For years after its announcement in 2005, conservationists and some Moosehead Lake area residents battled a development plan that they say would have changed the character of the region forever.
That plan, which was developed by land owner Plum Creek, was eventually approved by state regulators in a fight that went all the way to the Maine Supreme Judicial Court.
That development, you may have noticed, never happened. The economic downturn in 2008 and 2009 is widely blamed for that turn of events.
In fact, Plum Creek doesn’t even exist anymore — it was purchased by Weyerhaeuser in 2015.
On July 15, with little fanfare, the Maine Land Use Planning Commission approved Weyerhaeuser’s petition to terminate that plan.
All of which leaves us asking, what’s next?
The Natural Resources Council of Maine, the chief opponent of the development plan, will certainly be involved.
“We look forward to seeing the community, stakeholders, and LUPC come together to think long-term about conservation and economic development around Moosehead Lake. Let’s work together to do all we can to help ensure things get done right,” NRCM forests and wildlife director Melanie Sturm said on Thursday.
NRCM’s constant pushback on the original plan played a key role during that contentious time.
And while the plan has been terminated, the public benefits that were part of the finished document will remain, Weyerhaeuser’s Luke Muzzy said in a 2019 letter explaining the company’s petition.
What did outdoor recreationists gain? Well, they’ll still be able to use 363,000 acres that will remain in a conservation easement forever, and 81 miles of snowmobile trails, along with 121 acres of hiking trail easements.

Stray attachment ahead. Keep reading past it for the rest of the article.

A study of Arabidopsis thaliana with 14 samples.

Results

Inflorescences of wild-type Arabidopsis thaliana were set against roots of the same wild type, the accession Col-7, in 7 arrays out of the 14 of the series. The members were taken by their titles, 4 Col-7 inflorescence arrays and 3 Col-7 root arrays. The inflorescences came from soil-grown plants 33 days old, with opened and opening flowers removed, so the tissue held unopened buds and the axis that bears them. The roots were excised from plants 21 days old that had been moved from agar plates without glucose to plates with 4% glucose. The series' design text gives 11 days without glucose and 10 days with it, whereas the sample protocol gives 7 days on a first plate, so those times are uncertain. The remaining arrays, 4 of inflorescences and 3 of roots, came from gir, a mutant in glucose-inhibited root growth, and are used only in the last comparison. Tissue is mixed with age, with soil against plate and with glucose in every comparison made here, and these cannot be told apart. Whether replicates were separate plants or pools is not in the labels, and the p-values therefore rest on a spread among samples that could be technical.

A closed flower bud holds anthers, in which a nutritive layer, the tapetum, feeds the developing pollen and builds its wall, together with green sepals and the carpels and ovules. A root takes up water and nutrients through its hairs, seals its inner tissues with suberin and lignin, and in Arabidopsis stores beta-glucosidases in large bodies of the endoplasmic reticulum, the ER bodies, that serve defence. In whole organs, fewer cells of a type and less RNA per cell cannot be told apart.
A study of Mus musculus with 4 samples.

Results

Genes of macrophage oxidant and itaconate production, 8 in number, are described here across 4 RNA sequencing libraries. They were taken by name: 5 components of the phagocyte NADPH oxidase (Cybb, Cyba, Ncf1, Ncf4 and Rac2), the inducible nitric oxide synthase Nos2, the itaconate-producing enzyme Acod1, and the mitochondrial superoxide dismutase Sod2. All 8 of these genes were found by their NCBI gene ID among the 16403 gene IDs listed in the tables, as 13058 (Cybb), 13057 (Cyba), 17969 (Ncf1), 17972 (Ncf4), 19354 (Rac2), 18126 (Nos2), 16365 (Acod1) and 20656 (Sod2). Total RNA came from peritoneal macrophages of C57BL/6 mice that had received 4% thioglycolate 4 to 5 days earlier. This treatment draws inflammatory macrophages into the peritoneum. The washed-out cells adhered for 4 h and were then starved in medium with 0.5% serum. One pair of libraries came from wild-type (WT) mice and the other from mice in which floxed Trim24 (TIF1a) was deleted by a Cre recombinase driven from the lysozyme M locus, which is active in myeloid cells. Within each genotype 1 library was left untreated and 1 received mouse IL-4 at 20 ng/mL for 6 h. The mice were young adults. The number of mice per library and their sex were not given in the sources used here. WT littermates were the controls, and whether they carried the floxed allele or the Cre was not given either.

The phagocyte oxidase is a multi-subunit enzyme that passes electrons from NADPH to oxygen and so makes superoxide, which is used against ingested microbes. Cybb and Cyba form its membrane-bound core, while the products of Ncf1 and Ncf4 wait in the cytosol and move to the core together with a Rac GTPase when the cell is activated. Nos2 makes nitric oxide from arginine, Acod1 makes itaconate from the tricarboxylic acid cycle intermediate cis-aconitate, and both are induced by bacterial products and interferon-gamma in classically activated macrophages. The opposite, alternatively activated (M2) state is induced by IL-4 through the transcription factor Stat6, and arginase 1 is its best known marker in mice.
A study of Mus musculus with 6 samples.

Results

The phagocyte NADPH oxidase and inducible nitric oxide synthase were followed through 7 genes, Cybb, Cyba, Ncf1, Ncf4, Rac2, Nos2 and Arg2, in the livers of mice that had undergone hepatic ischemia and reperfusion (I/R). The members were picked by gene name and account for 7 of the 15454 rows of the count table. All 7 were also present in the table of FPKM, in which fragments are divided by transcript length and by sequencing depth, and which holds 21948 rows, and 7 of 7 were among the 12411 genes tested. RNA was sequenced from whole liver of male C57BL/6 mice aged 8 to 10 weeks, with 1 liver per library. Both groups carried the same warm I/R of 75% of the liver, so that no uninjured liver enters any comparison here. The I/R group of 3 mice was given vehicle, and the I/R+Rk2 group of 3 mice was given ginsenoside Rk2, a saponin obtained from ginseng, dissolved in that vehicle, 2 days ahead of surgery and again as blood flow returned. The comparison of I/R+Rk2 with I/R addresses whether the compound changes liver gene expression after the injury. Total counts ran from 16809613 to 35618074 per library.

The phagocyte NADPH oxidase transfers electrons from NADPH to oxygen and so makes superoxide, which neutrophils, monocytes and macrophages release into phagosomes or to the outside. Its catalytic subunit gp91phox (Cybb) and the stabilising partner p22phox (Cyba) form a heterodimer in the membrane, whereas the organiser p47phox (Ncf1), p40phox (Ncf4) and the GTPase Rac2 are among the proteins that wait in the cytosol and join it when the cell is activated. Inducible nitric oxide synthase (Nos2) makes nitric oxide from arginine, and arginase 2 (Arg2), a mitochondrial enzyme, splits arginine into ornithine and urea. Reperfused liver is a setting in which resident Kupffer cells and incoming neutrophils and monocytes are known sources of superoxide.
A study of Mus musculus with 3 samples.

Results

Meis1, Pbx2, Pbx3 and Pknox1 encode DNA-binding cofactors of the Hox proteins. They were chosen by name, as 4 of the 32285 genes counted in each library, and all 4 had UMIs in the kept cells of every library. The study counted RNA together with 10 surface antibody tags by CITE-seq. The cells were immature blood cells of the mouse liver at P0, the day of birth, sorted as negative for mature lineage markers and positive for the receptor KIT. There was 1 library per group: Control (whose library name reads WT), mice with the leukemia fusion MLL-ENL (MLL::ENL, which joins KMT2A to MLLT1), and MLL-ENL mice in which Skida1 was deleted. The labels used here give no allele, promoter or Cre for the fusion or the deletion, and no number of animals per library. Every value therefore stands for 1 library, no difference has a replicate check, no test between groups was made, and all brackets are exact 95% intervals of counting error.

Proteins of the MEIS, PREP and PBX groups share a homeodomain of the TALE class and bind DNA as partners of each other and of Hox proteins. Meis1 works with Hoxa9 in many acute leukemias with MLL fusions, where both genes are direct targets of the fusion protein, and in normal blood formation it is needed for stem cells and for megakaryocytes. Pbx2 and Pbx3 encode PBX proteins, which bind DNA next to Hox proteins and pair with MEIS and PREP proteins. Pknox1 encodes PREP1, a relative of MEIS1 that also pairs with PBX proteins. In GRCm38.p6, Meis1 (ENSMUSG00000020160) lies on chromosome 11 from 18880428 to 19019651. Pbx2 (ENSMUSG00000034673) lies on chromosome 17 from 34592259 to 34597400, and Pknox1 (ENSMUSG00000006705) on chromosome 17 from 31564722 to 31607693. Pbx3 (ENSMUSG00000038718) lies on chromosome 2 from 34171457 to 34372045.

That’s just some of what was outlined in the plan, and those benefits won’t disappear. Those agreements remain in effect, Muzzy said.
In the months and years ahead, Moosehead Lake residents, along with those who love the area, will have the chance to once again determine what they want their future to be.
“This is an opportunity for the Moosehead community and the LUPC to breathe new life and economic vitality into the region,” Sturm said. “Well-planned development concentrated around existing development that recognizes the potential richness of outdoor and tourism economic sectors for Moosehead could be the ticket to a bustling economy without sacrificing sensitive habitat and wildlife.”
During the last fight for the future of Moosehead, those of us who enjoy recreating in the area were left wondering how that plan would affect our favorite activities.
My visits to the region have involved bird and moose hunting, as well as fly fishing, leaf-peeping and wildlife watching. I was among those who feared the kind of widespread change that was expected.
My friends and I have shared fantastic times and made lasting memories on the dirt roads that lead deep into the woods around the state’s largest lake. On many of those drives, we’ve pulled over atop hills, gazed out into the distance, and been amazed that we can’t see another road, or building, or person for miles in any direction.
We’ve also enjoyed knowing that if we need any vital supplies, a trip to town will only take a few minutes.
Moosehead’s wilderness character has been drawing adventurous souls for generations. Greenville is the gateway community, and its economic health is vital.
“NRCM is cautiously optimistic that abandoning the concept plan, which we believed allowed too much development in the wrong places, is a positive turning point,” Sturm said.
Here’s hoping she’s right. And here’s hoping that all of us who love visiting the Moosehead region will continue to find the kind of awe-inspiring adventures that we’ve grown to expect.
John Holyoke can be reached at firstname.lastname@example.org or 207-990-8214. Follow him on Twitter: @JohnHolyoke. His first book, “Evergreens,” a collection of his favorite BDN columns and features, is published by Islandport Press and is available wherever books are sold.